This Is a Blog: Kris and Adam Discuss AFI’s Top 100: Modern Times

Tuesday, July 5, 2011

Kris and Adam Discuss AFI’s Top 100: Modern Times

Kris Jenson, with whom I've had the best discussions of my life, is an old friend of mine from Boston. We had been talking about the American Film Institute's Top 100 when he got a job at Dig Boston, writing about just that. Instead of letting the conversation end just because he's a big, fancy writer now, I'm going to write responses to his articles. I can't keep up with his movie watching, so I'm only responding to the ones I've seen.

I've got two other Chaplin movies on the list, where I can just talk about how much I dislike Charlie Chaplin. My favorite Chaplin movie is actually "Chaplin," where Robert Downey, Jr. makes the man a lot more engaging to me than the real thing ever was. I'll save the rant about how Buster Keaton is way better for another movie. For now, it's time to get into why this, the lowest ranked of 3 Chaplin movies on the list, is by far my favorite.

Kris's point about the word "classic" is well-taken. "Modern Times" is about being simply overwhelmed by how quickly society changes. The rapid growth of technology over the past century has made it seem like society grows, shifts, and evolves and at unending pace. It even sort of feels like before the 20th century, society just sort of stayed consistent for a few decades, with a major upheaval every so often. I can't possibly be the only person who feels that way. Tapping into that feeling of uneasiness is what makes this film transcend.

The film itself is deliciously absurd and frantically active. The scene where a machine force feeds Chaplin is so unnerving, it got made into an even more unnerving Porky Pig cartoon. The great shots of Chaplin getting sucked into the machinery carry so much weight to them even though they're pretty much just sight gags.

The scatter-shot, episodic storyline's main throughline follows Chaplin's repeated attempts to get arrested so he can escape the outside world. While this has been tread and re-tread, it fails to capture the power of "Modern Times." Compare it to George Bluth in "Arrested Development." Bluth wants to stay in prison because he finds it refreshingly fun. Appropriate for the early 2000s, Bluth's attitude toward prison reflects an overall feeling that rich people are so untouchable that even a prison sentence isn't much of a punishment. In Chaplin's story, the Depression-era world is so chaotic, prison is orderly by comparison. We haven't, since the '30s, felt that sense that our problems are part of the world's greater problems; therefore, no one can really help. No film captures that feeling better than "Modern Times."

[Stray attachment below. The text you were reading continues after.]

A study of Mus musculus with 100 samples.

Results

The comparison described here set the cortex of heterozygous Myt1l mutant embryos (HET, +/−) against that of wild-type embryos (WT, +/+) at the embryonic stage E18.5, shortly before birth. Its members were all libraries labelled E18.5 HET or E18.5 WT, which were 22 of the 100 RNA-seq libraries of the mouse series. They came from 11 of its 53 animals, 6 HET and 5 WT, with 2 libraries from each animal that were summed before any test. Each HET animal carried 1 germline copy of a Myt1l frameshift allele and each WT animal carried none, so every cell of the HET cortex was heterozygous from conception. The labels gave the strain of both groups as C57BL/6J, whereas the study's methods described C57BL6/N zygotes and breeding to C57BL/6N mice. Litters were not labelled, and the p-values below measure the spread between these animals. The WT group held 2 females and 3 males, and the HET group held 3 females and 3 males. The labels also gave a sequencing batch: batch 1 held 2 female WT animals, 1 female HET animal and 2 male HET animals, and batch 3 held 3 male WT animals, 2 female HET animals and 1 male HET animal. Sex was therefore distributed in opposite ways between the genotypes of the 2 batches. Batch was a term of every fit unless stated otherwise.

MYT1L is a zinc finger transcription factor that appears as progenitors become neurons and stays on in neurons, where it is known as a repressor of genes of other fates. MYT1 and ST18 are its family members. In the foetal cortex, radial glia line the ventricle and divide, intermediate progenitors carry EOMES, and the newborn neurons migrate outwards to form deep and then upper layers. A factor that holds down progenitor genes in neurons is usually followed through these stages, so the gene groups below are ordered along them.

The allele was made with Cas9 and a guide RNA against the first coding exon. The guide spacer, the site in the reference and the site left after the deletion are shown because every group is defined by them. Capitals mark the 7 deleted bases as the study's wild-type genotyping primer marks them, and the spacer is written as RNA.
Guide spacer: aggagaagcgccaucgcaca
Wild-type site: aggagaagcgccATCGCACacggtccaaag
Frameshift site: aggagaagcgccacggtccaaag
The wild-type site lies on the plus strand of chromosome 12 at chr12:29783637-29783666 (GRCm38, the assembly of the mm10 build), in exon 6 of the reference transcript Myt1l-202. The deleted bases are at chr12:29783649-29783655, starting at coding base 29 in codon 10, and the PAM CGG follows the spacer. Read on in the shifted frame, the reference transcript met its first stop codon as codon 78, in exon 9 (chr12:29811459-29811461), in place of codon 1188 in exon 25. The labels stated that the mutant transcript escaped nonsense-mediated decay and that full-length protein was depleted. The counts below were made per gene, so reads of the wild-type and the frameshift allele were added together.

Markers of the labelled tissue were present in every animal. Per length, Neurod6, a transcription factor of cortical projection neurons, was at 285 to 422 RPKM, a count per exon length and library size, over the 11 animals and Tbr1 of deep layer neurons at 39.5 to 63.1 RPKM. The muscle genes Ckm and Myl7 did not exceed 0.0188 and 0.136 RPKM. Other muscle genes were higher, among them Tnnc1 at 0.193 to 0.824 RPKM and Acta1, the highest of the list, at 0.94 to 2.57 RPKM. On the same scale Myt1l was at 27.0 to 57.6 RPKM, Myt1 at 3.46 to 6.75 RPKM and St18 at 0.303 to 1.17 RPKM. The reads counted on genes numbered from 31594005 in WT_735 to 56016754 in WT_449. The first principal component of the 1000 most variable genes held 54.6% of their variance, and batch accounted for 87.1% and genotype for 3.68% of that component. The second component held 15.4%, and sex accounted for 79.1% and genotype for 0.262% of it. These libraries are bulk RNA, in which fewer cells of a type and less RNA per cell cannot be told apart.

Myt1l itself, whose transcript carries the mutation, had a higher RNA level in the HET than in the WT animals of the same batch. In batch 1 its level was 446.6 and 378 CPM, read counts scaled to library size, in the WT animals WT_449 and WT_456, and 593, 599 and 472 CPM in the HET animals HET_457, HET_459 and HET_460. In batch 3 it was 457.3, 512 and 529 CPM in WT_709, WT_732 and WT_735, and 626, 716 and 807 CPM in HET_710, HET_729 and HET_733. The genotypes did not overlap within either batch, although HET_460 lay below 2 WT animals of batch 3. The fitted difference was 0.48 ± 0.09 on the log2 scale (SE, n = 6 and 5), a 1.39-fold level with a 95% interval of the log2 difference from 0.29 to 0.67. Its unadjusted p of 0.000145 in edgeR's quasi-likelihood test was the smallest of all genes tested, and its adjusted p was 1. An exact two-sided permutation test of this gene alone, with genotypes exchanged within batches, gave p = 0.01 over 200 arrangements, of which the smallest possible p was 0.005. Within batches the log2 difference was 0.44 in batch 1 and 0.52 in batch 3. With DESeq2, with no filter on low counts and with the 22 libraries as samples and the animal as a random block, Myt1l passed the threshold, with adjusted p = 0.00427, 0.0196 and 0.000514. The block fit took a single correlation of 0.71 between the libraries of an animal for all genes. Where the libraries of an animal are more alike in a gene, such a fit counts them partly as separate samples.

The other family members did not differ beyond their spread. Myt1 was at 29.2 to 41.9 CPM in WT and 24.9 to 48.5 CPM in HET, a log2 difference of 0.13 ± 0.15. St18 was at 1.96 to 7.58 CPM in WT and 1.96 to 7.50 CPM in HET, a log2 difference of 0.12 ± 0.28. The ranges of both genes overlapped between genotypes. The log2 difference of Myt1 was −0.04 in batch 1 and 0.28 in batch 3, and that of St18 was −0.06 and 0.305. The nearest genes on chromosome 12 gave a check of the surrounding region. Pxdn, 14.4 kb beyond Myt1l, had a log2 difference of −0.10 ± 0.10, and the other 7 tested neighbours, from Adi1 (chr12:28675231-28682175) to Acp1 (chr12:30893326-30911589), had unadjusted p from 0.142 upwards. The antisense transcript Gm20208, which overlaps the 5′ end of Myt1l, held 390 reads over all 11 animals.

What raises this film above his others is how lightly he touches on such dark and depressing themes. His other movies are just so desperate. Here, he embraces the chaos to the point that the oppressive world is so extreme, it becomes hilarious. It's cathartic to turn what scares you into an object of ridicule. I guess you could say that about his other films, but none of them reach the level of "Modern Times."

That very thing is what makes it a classic. The viewer doesn't have to have lived, or even heard of, the Depression to understand this. On the surface, it speaks to everyone who has ever worked a hard day, anyone who has had to deal with a ridiculous boss, anyone who has ever been falsely accused and doesn't have anyone to support him. What the movie really speaks to at its core is a sense of being completely lost in one's own life. It's a film about being directionless and trying to find peace in that. With enough time and thought we could peel back layer after layer of this movie and each time, we'd find something more and more purely human.

I only wish all Chaplin's films could be this good, and I'm sorry, everyone else, they're not.